Best Open World 2019: Red Dead Redemption 2

(Image credit: Rockstar)

The winner of our Best Open World award is Rockstar's sublime Red Dead Redemption 2. We'll be updating our GOTY 2019 hub with new awards and personal picks throughout December.

Chris: It's not just the breadth and beauty of the world Rockstar built but the amount of things to do in that world and the lack of real pressure to do any of them until you're ready. RDR2 doesn't have the desperate insecurity of a Ubisoft world where every meter of the map has a shotgun spray of icons or a rampaging animal bursting from the bushes, as if a mere moment of silence will leave players confused and unsure of what to do. There are plenty of radiant encounters in RDR2, but you're welcome to ignore them while you ramble, and there are just enough animal attacks and roadside robberies to keep you on your toes.

And, of course, it's a gorgeous and incredibly detailed place to spend your time, from the foggy bayous in the south to the freezing mountains in the north; from small, dusty towns to the bustling, sooty city of St. Denis. The wildlife is widely varied and realistic—it's fun to watch hawks swoop down and pluck fish from a lake or squirrels scatter at the approach of your horse. Dramatic shifts in the weather often leave me staring in wonder at a massive lightning storm—though RDR2 does tend to overdo it on the fog. Exploration is rewarding and can lead to some fun and surprising discoveries if you're diligent, including a vampire, a UFO, and even a time-traveler.

James: And then there's Red Dead Online, which we'll surely be talking about for years. It's going to be the perfect haven for old west roleplayers, a massive stage on which I will give my greatest performance: wizened mountain-dwelling varmint hunter. 

While it's lacking a lot of the finer touches found in the singleplayer, there's still something special (and horrifying) about spending a few hours lazily floating around a pond, fishing with a friend in what might be the most advanced, expensive entertainment simulation ever made. Because it's the simple pleasures that truly make RDR2 so engrossing. The world is so vast and all-encompassing that I can come up with my own goals and trust it to provide the means to follow through. If I want to plan a roadside robbery and steal another posse's hard-earned furs, I can. If I want to run around St. Denis and invite everyone to the saloon for a barroom brawl, I can (and did). Or if I just want to live a simple life, selling furs to someday earn enough for a nice hat and parka, I can (and will).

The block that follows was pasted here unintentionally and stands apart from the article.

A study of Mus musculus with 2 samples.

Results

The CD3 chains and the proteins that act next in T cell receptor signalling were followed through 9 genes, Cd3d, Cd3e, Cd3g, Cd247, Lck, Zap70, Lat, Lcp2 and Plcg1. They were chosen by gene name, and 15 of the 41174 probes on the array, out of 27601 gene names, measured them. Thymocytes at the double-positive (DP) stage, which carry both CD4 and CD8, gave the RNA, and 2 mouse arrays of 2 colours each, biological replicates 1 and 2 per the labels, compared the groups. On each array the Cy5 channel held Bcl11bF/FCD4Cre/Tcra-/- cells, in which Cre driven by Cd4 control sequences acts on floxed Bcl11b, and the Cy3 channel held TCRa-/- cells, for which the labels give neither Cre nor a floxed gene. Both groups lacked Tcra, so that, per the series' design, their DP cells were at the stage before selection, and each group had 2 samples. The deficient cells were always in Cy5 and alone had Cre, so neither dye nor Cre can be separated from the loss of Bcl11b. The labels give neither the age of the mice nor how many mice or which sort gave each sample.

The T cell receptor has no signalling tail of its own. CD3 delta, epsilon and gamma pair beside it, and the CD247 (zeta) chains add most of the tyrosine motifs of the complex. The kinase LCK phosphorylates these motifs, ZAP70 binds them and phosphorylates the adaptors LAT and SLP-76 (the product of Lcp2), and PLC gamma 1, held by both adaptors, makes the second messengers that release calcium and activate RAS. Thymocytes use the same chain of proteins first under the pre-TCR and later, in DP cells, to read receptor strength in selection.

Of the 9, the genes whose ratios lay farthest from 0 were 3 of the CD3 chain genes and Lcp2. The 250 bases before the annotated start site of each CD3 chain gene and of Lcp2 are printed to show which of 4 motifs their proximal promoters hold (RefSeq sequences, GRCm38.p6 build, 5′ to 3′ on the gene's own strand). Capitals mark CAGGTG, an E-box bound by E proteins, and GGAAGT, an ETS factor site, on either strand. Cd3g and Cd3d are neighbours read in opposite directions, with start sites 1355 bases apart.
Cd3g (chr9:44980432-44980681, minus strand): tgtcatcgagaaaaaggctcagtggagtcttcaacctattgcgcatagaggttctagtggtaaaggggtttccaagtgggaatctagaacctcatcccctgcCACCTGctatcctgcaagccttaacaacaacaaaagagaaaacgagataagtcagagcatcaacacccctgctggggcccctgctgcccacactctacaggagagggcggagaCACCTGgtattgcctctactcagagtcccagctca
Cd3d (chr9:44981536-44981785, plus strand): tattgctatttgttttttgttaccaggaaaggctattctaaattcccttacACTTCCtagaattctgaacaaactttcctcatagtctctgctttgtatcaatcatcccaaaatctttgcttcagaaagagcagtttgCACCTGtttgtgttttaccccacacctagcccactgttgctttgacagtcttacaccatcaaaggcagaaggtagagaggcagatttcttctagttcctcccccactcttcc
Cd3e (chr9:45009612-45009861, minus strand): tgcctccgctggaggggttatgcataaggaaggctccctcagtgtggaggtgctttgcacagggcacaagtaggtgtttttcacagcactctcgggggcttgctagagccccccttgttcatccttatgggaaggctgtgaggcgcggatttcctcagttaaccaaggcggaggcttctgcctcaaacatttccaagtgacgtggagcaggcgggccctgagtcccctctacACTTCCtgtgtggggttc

Phil: An open world can live or die based on the character whose eyes you see it through. Arthur is the perfect companion for exploring Rockstar's world, because he's both charming and flawed enough to fit naturally into whatever situation he's placed into—whether its robbing a train or escorting suffragettes.

Andy K: One of the most striking things about this world is how perfectly it captures the organic feel of the natural world. Whether it’s a raging waterfall, a rolling plain, or a snow-capped mountain range, Red Dead 2’s landscapes are all convincingly rugged and dense. I’ve lost hours to just rambling aimlessly through its varied biomes, wondering what I’ll find out there in the wilderness. This game is a lot of things, but its world makes it one of the finest walking simulators on PC. Holster your gun and soak it in.

PC Gamer

The collective PC Gamer editorial team worked together to write this article. PC Gamer is the global authority on PC games—starting in 1993 with the magazine, and then in 2010 with this website you're currently reading. We have writers across the US, UK and Australia, who you can read about here.